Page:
Also see Scott's review of The 25th Annual Putnam County Spelling Bee
The first show of the 2006-2007 Mainstage Series at the University of Cincinnati College - Conservatory of Music (CCM) is the well-known musical The Pajama Game. Though the show itself isn't crafted in a manner that would pass muster if it premiered today, CCM's top-rate faculty and students provide a fun, sensual and professional production.
The Pajama Game takes place in 1954 (the year the show premiered) and follows the employees of the Sleep Tite Pajama Factory. The new superintendent, Sid, falls for the head of the union grievance committee, Babe. Their romance is threatened when the two take opposing sides over a dispute for a seven and a half cent raise. Another half dozen supporting characters provide comic relief, as well as romantic and work related entanglements for the pair. The show won three 1954 Tony Awards, including Best Musical, and the revival of the piece last year starring Harry Connick, Jr., won the 2006 Tony for Best Revival.
The book for the show was written by George Abbott and Richard Bissell, based on Bissell's novel 7 ½ Cents. It is sufficiently well constructed and has all of the elements of a good story – romance, conflict, social relevance, comedy. But, it is also very predictable and extremely unfocused, devoting far too much time (even late into act two) on supporting characters and relationships. The score by Jerry Ross and Richard Adler is certainly one that boasts a number of musical theater standards and many catchy tunes, such as "Hey There," "Steam Heat," and "Hernando's Hideaway." However, there are also many reprises, and lots of dance music, which add to the feeling of the show being padded.
Despite the show being old-fashioned by today's standards, CCM's production is strong in all areas. The enormous cast is led by Preston Truman Boyd as Sid Sorokin, and Stephanie Gibson as Babe Williams. Mr. Boyd possesses the right level of intensity for the role, and is an impressive vocalist. Ms. Gibson is sufficiently spunky and confident, sings well, and has great stage presence. Of the supporting players, Dana Domenick (as the fiery Gladys) and Sean Montgomery (Hines) stand out, but all are worthy of praise. The same can be said for the large ensemble, each of whom shows themselves to be triple threat performers.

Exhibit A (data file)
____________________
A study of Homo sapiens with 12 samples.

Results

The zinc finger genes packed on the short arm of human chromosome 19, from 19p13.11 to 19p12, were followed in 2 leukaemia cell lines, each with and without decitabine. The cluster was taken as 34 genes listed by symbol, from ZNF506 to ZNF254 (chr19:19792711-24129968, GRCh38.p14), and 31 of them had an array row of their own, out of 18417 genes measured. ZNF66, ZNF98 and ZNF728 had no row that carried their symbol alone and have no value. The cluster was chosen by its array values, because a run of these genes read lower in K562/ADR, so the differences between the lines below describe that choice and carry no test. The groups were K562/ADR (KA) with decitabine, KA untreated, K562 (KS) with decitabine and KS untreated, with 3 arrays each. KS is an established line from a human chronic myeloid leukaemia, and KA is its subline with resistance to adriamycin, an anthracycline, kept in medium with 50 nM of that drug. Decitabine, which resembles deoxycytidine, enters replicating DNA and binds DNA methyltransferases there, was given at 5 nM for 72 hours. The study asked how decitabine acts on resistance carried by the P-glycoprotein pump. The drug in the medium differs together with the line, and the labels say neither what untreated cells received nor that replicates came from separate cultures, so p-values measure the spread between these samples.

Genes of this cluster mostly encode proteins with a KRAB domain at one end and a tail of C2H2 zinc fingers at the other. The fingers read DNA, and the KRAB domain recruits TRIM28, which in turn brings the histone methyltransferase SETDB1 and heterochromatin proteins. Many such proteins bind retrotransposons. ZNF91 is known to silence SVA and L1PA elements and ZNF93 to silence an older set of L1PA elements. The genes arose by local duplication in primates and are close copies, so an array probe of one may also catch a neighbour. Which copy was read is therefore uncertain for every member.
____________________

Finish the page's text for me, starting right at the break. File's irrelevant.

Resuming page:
Director Aubrey Berg wisely fills the stage with constant action, and his emphasis on the sexual elements of the show works well. Diane Lala is the real star of the show, though, supplying splendid choreography throughout. The Pajama Game is an exceptionally dance heavy show, and Ms. Lala's work is visually captivating and fun. Roger Grodsky provides spirited musical direction for the remarkable 33-piece orchestra.
Thomas C. Umfrid's set design of the factory in brick and steel, as well as the other venues, is one of the best seen at CCM in a long time. There are many small details to appreciate, and the set authentically captures the period. The costumes by Reba Senske certainly recall the 1950s in style, and provide a nice color palate in comparison to the darker hues of the factory setting.
The Pajama Game is all about the music and the dance. If you are looking for an engaging, thought provoking show, this isn't it. If you want to recall the good old days and tap your feet along to some classic songs, grab a seat if you can find one. CCM is up to their normal stellar level of talent both on and off the stage in giving this show a worthwhile production. The musical continues at CCM from through November 19, 2006.